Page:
Who is telling your story? Take a minute to think before you respond. It’s so easy to get caught up in the expectations of others that we often lose track of our own narrative, and after time it’s so buried beneath the voices of others that we need a team of archeologists to sift through several layers to find traces of our original thoughts.
“When you leave college, there are thousands of people out there with the same degree you have; when you get a job, there will be thousands of people doing what you want to do for a living.
But you are the only person alive who has sole custody of your life. Your particular life. Your entire life. Not just your life at a desk, or your life on the bus, or in the car, or at the computer. Not just the life of your mind, but the life of your heart. Not just your bank account, but your soul.”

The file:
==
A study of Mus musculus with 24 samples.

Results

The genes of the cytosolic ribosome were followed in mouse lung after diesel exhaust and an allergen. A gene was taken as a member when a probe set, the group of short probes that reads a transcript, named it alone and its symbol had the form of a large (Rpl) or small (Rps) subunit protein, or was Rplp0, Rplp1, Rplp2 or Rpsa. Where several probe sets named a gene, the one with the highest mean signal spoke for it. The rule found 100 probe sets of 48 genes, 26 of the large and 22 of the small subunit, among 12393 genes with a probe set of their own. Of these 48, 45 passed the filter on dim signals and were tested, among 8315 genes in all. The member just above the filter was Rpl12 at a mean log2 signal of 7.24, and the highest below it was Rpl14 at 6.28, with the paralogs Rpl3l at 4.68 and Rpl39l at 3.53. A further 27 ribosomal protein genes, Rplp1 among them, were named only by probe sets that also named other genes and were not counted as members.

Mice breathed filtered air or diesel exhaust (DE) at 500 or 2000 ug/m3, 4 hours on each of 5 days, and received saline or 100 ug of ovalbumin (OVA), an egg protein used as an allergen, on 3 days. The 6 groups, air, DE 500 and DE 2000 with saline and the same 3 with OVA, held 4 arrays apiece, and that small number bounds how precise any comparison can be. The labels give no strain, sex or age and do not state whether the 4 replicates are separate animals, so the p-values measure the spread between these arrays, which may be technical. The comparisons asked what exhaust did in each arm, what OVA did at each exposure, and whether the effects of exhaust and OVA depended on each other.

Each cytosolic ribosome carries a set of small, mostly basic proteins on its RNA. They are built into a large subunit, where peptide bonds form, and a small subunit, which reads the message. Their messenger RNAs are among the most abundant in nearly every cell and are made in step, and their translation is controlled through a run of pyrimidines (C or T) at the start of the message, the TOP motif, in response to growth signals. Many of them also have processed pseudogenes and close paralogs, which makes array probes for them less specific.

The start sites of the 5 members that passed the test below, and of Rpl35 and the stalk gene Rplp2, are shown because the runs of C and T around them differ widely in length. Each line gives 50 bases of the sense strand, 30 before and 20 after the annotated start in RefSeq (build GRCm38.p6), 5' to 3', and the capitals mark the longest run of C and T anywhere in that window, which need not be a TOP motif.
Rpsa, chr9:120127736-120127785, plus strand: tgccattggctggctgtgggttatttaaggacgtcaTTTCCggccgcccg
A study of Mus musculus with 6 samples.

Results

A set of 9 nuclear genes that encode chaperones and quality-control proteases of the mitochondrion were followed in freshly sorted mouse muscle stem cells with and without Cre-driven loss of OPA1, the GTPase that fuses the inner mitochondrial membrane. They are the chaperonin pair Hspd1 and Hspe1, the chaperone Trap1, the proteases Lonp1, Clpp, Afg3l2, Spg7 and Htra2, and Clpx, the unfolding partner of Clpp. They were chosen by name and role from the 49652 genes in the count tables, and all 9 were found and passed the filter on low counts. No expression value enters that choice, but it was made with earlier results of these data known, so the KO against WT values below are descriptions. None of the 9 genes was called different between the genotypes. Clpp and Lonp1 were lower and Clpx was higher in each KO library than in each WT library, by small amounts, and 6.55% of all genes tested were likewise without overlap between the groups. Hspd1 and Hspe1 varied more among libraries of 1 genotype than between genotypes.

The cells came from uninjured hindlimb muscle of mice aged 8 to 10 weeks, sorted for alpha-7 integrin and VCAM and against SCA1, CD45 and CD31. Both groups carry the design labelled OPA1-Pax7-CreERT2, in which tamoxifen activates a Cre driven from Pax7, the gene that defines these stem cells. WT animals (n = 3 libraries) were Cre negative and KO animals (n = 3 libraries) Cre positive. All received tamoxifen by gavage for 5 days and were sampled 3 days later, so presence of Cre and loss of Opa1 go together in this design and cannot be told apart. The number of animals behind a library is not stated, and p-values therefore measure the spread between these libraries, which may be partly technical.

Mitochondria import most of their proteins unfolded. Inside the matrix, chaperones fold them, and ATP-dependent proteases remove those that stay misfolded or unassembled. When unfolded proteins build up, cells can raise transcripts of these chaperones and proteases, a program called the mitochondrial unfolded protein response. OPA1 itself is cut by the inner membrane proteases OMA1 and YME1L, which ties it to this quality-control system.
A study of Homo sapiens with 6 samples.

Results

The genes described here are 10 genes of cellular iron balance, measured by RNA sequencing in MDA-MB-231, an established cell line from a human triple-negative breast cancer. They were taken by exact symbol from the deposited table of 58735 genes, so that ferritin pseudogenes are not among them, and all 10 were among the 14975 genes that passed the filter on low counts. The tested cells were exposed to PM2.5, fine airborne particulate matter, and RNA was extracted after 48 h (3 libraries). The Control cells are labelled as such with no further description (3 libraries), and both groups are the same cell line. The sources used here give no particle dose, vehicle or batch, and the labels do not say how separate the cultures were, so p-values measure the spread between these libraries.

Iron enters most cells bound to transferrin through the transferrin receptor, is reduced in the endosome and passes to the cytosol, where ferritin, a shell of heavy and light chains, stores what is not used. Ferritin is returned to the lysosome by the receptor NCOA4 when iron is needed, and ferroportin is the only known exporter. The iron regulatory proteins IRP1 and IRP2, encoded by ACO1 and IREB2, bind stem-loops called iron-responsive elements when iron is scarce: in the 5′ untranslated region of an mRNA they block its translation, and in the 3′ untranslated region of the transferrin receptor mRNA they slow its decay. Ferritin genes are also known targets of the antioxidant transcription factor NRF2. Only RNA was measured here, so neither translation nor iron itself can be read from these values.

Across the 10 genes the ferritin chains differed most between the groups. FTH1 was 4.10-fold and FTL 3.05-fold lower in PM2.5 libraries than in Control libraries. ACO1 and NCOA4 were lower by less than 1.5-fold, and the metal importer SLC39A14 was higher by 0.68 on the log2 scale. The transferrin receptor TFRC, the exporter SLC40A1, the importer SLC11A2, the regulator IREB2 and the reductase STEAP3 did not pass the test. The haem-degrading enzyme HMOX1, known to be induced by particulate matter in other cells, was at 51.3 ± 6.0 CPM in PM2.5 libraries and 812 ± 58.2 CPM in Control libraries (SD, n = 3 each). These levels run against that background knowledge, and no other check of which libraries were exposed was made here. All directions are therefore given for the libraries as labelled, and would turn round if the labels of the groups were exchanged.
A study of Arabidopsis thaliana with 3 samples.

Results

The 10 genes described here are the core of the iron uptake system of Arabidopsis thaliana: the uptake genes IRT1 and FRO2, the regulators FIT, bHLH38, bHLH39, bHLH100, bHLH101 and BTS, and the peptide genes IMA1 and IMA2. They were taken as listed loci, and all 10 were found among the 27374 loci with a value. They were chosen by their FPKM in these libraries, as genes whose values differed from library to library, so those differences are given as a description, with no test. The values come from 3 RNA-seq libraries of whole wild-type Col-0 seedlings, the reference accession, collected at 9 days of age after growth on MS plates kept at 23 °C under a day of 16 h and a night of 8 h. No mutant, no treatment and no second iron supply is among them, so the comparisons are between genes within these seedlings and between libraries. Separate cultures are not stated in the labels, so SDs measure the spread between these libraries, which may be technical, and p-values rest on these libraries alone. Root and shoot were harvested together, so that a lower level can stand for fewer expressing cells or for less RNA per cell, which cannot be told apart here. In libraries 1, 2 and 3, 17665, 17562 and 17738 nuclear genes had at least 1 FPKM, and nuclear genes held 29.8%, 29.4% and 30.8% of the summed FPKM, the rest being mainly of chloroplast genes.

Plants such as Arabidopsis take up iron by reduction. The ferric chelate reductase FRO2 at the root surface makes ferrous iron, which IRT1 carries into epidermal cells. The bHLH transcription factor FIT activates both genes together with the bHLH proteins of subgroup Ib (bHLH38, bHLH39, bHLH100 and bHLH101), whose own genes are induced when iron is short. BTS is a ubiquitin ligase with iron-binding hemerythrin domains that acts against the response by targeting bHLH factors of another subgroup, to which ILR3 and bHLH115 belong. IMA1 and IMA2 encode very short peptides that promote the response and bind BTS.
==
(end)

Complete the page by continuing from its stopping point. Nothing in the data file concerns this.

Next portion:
At the beginning of a freshman seminar each fall I gave each student a simple black lined Moleskine notebook. The idea was that they would ‘write’ their life in ‘real time’, scribbling snippets of their new adventure in college and hopefully initiate a practice that would catalog their days long after commencement. I did not want this to be an electronic record, but life captured in the written word with pen and paper with time for reflection.
There was no expectation tied to the gift of the notebook, and I’m not sure how many students continued the practice of keeping a journal after the first few weeks. What I do know, is that keeping a written account of our days allows us to return and read our story as it evolves. If we have captured our hopes and dreams on paper, we can watch them emerge over time and even pinpoint when outside influences begin to redirect our path. And that awareness will inform our decisions.
You are the only person who can write your ‘true’ story. Keeping a journal, writing your life in real time, is one way to claim ownership of your career and your life.